American Designer, Graphic Artist, and Photographer
Newark, New Jersey
Summary of Barbara Kruger
Barbara Kruger is best known for her silkscreen prints where she placed a direct and concise caption across the surface of a found photograph. Her prints from the 1980s cleverly encapsulated the era of "Reaganomics" with tongue-in-cheek satire; especially in a work like (Untitled) I shop therefore I am (1987), ironically adopted by the mall generation as their mantra. As Kruger's career progressed, her work expanded to include site-specific installations as well as video and audio works, all the while maintaining a firm basis in social, cultural, and political critique. Since the 1990s, she has also returned to magazine design, incorporating her confrontational phrases and images into a wholly different realm from the art world. Associated with postmodern Feminist art as well as Conceptual art, Kruger combines tactics like appropriation with her characteristic wit and direct commentary in order to communicate with the viewer and encourage the interrogation of contemporary circumstances.
- The economy of Kruger's use of image and text facilitates a direct communication with the viewer. Within a short declarative statement, she synthesizes a critique about society, the economy, politics, gender, and culture.
- Kruger merges the slick facade of graphic design with unexpected phrases in order to catch the viewer's attention using the language of contemporary publications, graphic design, or magazines. Rather than attempting to sell a product, her works aim to sell an idea to the viewer that is meant to instigate a reconsideration of one's immediate context.
- Kruger appropriates images from their original context in magazines and sets them as the background against which she emblazons confrontational phrases. From her use of clearly legible font to her jarring palette of red, white, and black, each element of the final artwork is crucial to its effectiveness as both an artistic expression and a protest against facets of postmodern life.
Biography of Barbara Kruger
Recalling “Even when I was a little girl, I remember going to the Museum of Modern Art.. And what I really remember is the design collection,” Kruger’s first artistic inspiration evolved into her bold graphic prints that powerfully confronted social issues.
Important Art by Barbara Kruger
For this early work Kruger appropriated a portion of Michelangelo's renowned Sistine Chapel ceiling fresco notably the image of God's hand touching Adam's at the moment of creation. Through her use of the pronoun "You," Kruger directly addresses the viewer, inviting them to impose their own narrative on Michelangelo's masterpiece. The inference of personal responsibility in this work, however abstract, is a consistent theme through Kruger's work. She suggests that all of us are somehow implicated in a historical narrative; in this case, that of Western ideology, society, and art and as viewers of works of art, our opinion about the importance or role of the work of art is influenced, and sometimes even predetermined, by our own religious or philosophical, cultural, and ideological beliefs. Participating in postmodernism's ideal of questioning the progression and narrative of modernism, Kruger uses this piece to help the viewer acknowledge their role and agency when viewing art.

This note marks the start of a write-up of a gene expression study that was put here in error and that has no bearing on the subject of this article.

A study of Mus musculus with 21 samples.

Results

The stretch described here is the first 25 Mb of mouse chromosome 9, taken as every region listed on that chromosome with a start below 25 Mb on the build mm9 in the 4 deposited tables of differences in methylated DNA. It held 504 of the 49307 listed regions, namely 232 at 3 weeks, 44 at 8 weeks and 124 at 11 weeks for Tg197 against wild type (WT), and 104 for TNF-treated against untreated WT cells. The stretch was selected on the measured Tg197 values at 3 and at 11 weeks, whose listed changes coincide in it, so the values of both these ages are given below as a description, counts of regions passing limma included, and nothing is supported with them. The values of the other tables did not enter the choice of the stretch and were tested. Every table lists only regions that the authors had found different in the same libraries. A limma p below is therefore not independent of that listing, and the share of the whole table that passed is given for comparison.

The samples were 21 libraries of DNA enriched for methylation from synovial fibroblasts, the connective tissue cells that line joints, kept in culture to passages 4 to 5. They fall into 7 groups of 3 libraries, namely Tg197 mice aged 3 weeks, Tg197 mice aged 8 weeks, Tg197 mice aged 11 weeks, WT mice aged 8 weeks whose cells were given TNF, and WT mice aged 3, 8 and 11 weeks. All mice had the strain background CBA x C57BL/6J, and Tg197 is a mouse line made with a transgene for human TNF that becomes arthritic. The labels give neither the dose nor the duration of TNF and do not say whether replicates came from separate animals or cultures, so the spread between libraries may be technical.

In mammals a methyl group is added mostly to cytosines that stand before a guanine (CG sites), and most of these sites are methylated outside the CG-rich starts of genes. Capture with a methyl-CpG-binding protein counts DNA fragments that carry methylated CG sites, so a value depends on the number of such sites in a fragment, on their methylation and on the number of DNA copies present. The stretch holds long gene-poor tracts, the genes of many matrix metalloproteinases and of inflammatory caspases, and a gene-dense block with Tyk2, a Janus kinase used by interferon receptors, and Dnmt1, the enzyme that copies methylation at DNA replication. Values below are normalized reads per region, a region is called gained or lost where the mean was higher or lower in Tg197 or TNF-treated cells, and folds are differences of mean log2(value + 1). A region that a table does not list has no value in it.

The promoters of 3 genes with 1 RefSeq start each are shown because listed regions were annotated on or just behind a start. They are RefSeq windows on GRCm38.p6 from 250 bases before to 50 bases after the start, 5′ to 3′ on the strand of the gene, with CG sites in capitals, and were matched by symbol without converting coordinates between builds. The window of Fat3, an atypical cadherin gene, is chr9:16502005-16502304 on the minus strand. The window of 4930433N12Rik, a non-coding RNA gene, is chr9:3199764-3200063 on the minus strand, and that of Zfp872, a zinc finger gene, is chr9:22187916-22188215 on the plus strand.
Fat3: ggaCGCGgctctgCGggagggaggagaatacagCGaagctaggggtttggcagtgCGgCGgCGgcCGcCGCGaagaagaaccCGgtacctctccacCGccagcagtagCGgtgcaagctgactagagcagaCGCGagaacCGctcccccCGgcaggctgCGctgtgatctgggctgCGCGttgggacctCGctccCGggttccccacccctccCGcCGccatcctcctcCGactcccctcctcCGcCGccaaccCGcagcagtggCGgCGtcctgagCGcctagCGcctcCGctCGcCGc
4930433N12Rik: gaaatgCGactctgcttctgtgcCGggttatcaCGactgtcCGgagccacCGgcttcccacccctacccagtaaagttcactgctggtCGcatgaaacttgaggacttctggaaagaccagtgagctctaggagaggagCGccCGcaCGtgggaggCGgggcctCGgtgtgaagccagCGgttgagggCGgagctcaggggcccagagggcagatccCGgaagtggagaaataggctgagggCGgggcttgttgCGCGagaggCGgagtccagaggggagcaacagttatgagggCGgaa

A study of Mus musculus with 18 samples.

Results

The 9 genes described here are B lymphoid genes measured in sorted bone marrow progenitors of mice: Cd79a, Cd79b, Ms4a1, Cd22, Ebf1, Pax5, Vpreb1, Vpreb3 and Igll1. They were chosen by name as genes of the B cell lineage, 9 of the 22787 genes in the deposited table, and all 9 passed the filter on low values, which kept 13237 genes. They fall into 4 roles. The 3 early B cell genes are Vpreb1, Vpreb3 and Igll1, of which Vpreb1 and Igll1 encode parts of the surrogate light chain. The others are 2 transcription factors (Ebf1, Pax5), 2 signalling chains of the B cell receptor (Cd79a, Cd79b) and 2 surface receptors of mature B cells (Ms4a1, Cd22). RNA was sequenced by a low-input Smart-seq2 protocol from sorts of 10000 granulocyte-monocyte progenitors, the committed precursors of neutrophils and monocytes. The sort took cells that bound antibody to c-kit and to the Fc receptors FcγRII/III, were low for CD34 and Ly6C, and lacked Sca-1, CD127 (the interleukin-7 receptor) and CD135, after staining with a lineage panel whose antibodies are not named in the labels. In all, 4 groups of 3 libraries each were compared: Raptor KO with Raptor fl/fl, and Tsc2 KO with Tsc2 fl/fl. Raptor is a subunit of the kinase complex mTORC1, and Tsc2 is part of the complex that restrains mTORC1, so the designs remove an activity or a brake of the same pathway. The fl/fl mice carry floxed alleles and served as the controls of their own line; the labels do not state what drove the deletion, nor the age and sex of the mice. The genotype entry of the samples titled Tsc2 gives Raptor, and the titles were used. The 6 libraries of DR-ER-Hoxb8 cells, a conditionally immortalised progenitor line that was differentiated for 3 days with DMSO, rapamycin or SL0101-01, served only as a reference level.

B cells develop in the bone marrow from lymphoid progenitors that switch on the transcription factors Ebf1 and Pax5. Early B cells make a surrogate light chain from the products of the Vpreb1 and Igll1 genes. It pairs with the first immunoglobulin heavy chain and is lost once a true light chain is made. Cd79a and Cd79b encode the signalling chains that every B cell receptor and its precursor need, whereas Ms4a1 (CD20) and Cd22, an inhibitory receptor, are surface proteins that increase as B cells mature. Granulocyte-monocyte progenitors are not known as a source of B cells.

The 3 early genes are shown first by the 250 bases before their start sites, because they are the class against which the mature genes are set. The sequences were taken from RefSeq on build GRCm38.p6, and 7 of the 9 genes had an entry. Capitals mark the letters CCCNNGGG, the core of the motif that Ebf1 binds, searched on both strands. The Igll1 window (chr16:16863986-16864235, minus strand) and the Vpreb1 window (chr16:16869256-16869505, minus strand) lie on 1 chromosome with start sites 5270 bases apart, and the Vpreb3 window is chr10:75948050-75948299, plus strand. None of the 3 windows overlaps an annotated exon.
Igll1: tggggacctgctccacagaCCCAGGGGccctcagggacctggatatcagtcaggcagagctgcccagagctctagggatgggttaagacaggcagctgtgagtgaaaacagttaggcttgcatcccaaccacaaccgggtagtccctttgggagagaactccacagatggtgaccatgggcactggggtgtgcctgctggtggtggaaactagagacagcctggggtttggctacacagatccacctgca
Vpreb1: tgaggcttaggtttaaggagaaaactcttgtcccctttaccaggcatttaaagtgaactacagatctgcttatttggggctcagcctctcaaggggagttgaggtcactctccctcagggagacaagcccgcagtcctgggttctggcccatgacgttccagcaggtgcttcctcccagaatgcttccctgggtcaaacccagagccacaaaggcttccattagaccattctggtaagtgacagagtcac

Kruger designed this print for the 1989 reproductive rights protest, the March for Women's Lives, in Washington, D.C. Utilizing her signature red, black, and white palette, the woman's face is split along a vertical axis, showing the photographic positive and negative sides, suggesting a highly simplified inner struggle of good versus evil. The political and social implications of the work are self evident, but Kruger emphasizes the directness of her sentiment by having her subject stare straight ahead through the print, frankly addressing the viewer through both her gaze and the words emblazoned across her face. The message unequivocally addresses the issue of the continued feminist struggle, connecting the physical body of female viewers to the contemporary conditions that necessitate the feminist protest. Kruger's slick graphic aesthetic and use of dramatic found imagery also place this work within the purview of postmodernism, tying it not only to contemporary critique, but to the larger social and cultural responses within the period.
For her third solo show at Mary Boone Gallery, Kruger transformed the gallery space into pure experience, with wall to wall and floor to ceiling displays in black, white, and red. Upon entering the gallery, visitors were greeted with the following text, printed in white letters on a vermillion background: "All that seemed beneath you is speaking to you now. All that seemed deaf hears you. All that seemed dumb knows what's on your mind. All that seemed blind sees through you." This confrontational epithet set the tone for the entire installation, which implicates the viewers in Kruger's critique of the dynamics of power in the early 1990s. Kruger used bold white text within a virtual sea of red, pitting a flood of language against billboard-sized images that collide on the walls. Two images of a child's screaming face confront the viewer with the phrase "All violence is the illustration of a pathetic stereotype," while a sensational image, tucked in the back room of the gallery, portrays a naked woman on a cross wearing a gas mask, emblazoned with the words, "It's our pleasure to disgust you," a brazen challenge aimed at the conservative elements of American society. The hostile tone of Kruger's language, as well as the nature of the entire installation, is intended to activate viewers' emotions in order to consider the circumstances that led Kruger to make such incisive statements. Her first foray into site-specific installation, this exhibition represented a major departure from her earlier two-dimensional work.